Myriad plans companion diagnostic filing as PARP drug clears clinical test
Myriad Genetics' BRACAnalysis CDx test has supported another successful Phase 3 clinical trial of AstraZeneca and Merck & Co.'s PARP inhibitor Lynparza.
Researchers used the companion diagnostic to identify metastatic pancreatic cancer patients with deleterious germline BRCA mutations.
Myriad plans to file a supplementary Premarket Approval (sPMA) with FDA to expand use of its test into a new indication.
Since entering into a collaboration with AstraZeneca in 2007, Myriad has supported each step in the development of Lynparza, the first FDA-approved PARP inhibitor. As BRCA mutation status appears to be critical to the efficacy of PARP inhibitors, AstraZeneca needs to select its clinical trial participants carefully to maximize its studies' chances of success. The Myriad test helps facilitate patient selection.
In the latest trial, AstraZeneca and Merck wanted to identify patients with germline BRCA-mutated metastatic adenocarcinoma of the pancreas who had stable disease or better following treatment with platinum-based chemotherapy. BRCA status was either determined prior to enrollment in the trial or using Myriad's companion diagnostic once a patient was put forward for the study.
The 154-subject POLO trial showed that, in patients with the genetic marker identified by Myriad, Lynparza is better than placebo at controlling pancreatic cancer in a first-line, maintenance therapy setting. If the data lead to the approval of Lynparza in the indication, the findings could expand use of both the PARP inhibitor and Myriad's companion diagnostic.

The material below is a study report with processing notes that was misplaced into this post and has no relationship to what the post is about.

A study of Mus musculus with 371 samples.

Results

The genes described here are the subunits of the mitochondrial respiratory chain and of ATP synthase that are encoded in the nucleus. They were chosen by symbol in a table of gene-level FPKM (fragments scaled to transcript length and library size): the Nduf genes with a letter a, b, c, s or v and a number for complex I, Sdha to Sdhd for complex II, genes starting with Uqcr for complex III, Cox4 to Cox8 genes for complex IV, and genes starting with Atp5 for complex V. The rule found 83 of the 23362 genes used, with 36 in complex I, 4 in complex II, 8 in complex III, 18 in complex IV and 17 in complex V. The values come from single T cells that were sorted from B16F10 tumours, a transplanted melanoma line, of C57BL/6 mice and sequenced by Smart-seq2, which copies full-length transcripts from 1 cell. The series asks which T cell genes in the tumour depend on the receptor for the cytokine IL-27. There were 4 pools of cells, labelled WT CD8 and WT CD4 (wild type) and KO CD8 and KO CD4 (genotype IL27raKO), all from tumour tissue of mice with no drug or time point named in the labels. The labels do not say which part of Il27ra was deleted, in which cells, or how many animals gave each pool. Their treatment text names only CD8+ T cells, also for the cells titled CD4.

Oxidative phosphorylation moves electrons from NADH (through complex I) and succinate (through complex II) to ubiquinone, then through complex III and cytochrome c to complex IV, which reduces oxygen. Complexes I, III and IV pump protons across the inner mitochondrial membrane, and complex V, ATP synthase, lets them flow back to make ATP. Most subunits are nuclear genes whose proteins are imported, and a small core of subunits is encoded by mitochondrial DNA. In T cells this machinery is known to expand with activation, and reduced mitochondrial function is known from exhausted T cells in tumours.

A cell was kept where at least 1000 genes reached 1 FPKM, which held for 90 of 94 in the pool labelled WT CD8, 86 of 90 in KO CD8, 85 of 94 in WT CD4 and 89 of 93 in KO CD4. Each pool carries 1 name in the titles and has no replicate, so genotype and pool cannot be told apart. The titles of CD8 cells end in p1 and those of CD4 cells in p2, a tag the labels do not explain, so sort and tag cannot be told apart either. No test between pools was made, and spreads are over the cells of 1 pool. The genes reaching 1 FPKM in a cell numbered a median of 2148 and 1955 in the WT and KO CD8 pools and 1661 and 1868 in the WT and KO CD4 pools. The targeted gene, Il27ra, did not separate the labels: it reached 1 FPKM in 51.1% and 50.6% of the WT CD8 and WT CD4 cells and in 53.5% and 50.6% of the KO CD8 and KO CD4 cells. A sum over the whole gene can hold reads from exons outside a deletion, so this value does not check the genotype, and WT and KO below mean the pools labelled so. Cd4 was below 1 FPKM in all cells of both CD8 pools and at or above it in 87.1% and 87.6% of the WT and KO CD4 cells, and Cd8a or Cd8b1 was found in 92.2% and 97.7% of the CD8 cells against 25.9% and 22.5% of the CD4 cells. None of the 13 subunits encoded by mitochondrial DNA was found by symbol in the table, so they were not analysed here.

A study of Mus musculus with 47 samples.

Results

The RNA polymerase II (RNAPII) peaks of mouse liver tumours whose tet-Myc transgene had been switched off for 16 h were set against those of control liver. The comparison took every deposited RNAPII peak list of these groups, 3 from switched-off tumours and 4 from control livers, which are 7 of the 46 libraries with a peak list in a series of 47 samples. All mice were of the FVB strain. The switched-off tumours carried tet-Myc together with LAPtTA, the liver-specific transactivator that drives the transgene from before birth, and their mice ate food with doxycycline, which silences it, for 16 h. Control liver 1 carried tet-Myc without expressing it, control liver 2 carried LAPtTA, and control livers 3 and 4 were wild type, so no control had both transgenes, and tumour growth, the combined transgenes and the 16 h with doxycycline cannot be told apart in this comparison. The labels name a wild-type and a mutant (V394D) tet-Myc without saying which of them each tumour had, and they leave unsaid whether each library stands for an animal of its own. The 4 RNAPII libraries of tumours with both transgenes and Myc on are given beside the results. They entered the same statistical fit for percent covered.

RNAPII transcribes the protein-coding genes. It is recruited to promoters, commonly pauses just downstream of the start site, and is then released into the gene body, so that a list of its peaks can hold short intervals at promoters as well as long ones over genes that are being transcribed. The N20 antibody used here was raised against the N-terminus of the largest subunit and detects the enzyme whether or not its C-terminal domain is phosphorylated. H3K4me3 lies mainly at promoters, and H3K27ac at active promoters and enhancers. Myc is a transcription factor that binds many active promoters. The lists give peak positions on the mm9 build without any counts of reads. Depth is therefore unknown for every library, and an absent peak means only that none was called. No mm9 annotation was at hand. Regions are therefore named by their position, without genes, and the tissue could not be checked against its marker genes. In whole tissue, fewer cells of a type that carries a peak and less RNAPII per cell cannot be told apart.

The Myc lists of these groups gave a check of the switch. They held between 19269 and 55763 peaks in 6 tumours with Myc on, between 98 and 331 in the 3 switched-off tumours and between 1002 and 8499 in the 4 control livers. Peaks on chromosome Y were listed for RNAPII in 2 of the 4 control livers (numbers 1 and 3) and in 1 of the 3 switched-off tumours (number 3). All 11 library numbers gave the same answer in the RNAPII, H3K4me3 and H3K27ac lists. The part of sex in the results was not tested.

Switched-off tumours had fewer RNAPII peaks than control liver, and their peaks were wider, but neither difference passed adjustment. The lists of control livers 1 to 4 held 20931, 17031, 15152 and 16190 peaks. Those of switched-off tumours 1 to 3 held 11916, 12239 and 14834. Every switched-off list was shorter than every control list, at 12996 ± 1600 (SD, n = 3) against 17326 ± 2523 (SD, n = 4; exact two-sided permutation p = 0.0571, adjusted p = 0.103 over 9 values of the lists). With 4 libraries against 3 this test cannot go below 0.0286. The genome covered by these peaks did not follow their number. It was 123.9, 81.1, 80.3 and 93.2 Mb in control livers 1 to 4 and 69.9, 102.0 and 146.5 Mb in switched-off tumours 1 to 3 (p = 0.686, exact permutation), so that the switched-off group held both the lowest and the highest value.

"The results of the POLO trial strongly support use of the BRACAnalysis CDx test to help inform treatment decisions in the metastatic pancreatic cancer setting and will expand the patient population who can benefit from BRCA testing," Myriad CMO Johnathan Lancaster said in a statement.
A successful sPMA in the new indication would continue the steady expansion of use of Myriad's companion diagnostic since it was first cleared late in 2014. That original approval covered use of the test to identify ovarian cancer patients eligible for fourth-line treatment.
Since then, Myriad has received approvals to use the BRCA test in identification of breast cancer patients and ovarian cancer patients eligible for second or first-line treatment with Lynparza. In parallel, Myriad has supported the emergence of rivals to Lynparza, including Pfizer's Talzenna and Tesaro's Zejula.
Myriad reports its companion diagnostic sales as part of its hereditary cancer business, making it hard to tell how well the test is performing commercially. But in the most recent quarter, the wider hereditary cancer business returned to growth and Myriad CEO Mark Capone said the companion diagnostic unit "does continue to ramp up."